State wildlife officials are defending a game warden having shot and killed a mountain lion Sunday afternoon in Whiting Ranch Wilderness Park
Relocating the roughly 1-year-old, 60-pound male was not an option because the cougar had already shown itself to being a public threat and would likely have endangered humans wherever it was moved to, explained Dan Sforza, the assistant chief of enforcement with the state Department of Fish and Wildlife, at a news conference Tuesday morning.
Madison Smith had said she was hiking along Borrego Trail near Foothill Ranch Elementary School with her 5-year-old son and 7-year-old daughter when they heard the mountain lion snarling and making hissing sounds and saw it acting aggressively toward the boy.
As Smith's son moved back toward his mother, the beast got into a crouching position, bared its teeth and seemed ready to pounce, according to the mom. She estimated it got within six feet of her boy.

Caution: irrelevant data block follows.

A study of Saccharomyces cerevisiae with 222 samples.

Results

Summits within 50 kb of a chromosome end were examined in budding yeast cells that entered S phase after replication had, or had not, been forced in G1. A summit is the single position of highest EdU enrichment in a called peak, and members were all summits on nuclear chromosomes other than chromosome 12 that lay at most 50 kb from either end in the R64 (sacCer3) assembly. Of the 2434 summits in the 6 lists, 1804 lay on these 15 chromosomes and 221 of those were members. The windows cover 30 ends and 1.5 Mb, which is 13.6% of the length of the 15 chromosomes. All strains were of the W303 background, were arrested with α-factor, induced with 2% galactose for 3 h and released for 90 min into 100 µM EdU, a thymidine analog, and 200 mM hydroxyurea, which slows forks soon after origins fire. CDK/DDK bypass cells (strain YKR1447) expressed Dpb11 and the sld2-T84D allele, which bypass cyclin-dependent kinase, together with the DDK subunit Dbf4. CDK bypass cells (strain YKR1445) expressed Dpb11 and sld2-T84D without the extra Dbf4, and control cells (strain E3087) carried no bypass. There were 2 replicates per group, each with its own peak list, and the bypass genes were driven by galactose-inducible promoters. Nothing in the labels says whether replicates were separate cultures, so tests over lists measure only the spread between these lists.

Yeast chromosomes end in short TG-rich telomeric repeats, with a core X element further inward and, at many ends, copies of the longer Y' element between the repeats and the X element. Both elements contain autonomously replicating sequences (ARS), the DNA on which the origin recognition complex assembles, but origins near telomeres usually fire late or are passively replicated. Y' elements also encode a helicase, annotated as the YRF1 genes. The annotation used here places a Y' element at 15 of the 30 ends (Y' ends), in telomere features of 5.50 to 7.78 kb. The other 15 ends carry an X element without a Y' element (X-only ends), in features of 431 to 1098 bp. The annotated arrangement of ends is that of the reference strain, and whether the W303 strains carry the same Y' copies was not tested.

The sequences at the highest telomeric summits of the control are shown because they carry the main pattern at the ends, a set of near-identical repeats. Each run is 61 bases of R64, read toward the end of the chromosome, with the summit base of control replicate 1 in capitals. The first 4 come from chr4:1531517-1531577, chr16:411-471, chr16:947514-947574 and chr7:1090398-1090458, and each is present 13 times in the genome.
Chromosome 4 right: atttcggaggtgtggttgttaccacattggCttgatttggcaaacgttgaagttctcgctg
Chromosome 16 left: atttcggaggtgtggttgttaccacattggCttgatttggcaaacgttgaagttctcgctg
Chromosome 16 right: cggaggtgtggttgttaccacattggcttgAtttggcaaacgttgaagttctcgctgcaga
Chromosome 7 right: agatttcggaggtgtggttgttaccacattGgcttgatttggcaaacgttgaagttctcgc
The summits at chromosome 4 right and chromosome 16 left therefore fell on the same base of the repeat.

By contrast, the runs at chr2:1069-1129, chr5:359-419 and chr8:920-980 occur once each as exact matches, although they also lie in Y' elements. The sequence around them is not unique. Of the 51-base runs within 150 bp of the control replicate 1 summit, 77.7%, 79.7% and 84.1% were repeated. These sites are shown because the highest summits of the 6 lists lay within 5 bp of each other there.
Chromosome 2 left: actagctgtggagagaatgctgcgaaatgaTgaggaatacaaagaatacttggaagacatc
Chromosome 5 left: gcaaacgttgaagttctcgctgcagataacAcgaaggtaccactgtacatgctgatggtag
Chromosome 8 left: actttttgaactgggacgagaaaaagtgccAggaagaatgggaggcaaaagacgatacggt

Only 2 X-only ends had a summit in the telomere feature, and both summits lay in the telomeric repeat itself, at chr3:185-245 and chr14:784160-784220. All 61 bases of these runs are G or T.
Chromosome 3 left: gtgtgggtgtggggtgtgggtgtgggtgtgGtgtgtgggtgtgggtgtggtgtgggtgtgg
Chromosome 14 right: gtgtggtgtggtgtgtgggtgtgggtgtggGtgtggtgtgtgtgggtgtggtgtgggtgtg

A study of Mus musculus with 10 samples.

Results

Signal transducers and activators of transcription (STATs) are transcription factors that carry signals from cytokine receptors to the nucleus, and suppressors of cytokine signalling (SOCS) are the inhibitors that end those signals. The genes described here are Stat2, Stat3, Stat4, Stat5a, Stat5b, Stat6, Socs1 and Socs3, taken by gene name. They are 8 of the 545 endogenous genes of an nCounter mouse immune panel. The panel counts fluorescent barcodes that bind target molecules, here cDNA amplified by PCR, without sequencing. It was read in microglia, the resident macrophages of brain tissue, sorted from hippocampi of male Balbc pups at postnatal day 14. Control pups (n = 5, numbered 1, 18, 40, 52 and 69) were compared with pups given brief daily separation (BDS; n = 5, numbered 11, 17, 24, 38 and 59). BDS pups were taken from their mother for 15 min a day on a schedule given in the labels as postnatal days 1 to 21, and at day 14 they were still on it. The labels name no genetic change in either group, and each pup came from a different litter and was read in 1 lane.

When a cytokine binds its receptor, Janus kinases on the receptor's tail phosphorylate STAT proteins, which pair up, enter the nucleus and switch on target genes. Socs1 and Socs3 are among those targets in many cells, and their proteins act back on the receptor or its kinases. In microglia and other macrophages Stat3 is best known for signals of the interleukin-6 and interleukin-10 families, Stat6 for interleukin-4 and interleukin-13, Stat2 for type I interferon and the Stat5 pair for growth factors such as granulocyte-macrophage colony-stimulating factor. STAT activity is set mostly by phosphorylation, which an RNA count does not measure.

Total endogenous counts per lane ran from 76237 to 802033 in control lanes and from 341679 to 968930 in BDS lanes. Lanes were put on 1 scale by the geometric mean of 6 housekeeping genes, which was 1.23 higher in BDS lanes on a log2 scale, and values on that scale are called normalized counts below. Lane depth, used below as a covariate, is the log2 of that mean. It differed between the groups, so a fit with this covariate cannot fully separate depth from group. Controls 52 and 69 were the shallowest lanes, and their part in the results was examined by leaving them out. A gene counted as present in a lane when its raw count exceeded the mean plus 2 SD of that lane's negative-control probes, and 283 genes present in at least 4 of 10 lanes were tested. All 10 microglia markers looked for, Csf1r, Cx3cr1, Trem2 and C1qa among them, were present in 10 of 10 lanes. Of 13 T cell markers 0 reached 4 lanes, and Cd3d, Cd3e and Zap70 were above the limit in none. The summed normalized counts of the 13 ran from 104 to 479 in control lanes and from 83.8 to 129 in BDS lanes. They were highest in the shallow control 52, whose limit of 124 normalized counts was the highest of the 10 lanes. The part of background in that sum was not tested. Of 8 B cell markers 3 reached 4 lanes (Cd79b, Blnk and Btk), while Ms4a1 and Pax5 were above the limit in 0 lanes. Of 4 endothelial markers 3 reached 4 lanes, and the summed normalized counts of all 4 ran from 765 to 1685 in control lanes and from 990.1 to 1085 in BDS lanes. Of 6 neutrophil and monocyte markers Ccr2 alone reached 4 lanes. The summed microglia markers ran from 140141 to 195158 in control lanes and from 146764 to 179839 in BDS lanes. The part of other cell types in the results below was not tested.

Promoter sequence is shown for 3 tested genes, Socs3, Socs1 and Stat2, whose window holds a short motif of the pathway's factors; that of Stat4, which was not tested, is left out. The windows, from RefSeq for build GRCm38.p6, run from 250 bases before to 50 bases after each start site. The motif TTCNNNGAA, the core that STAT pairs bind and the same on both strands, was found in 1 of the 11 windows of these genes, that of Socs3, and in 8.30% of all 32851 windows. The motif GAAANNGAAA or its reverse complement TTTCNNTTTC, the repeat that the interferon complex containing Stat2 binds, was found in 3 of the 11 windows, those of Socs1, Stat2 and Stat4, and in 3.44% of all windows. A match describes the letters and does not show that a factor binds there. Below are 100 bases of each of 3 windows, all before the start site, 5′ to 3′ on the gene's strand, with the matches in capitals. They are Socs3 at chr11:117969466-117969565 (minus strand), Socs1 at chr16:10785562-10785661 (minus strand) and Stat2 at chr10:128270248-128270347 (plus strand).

Another hiker shouted and threw rocks at the animal, but it would not retreat. Smith was finally able to get herself and her children out of the area safely and then call 9-1-1.
Orange County sheriff's deputies and a Fish and Game warden encountered the mountain lion in the same area of Borrego Trail, and because they could not scare it off they decided to take it out.
Sforza says they suspect the cougar got separated for its mother and was still learning how to hunt. But it having shown no fear of humans was too dangerous to ignore, especially in a park where 35-year-old mountain biker Mark Jeffery Reynolds was fatally
mauled in 2004 (which led to one of the greatest articles in this rag's fine history).
A necropsy is being done on the mountain lion, City News Service reports.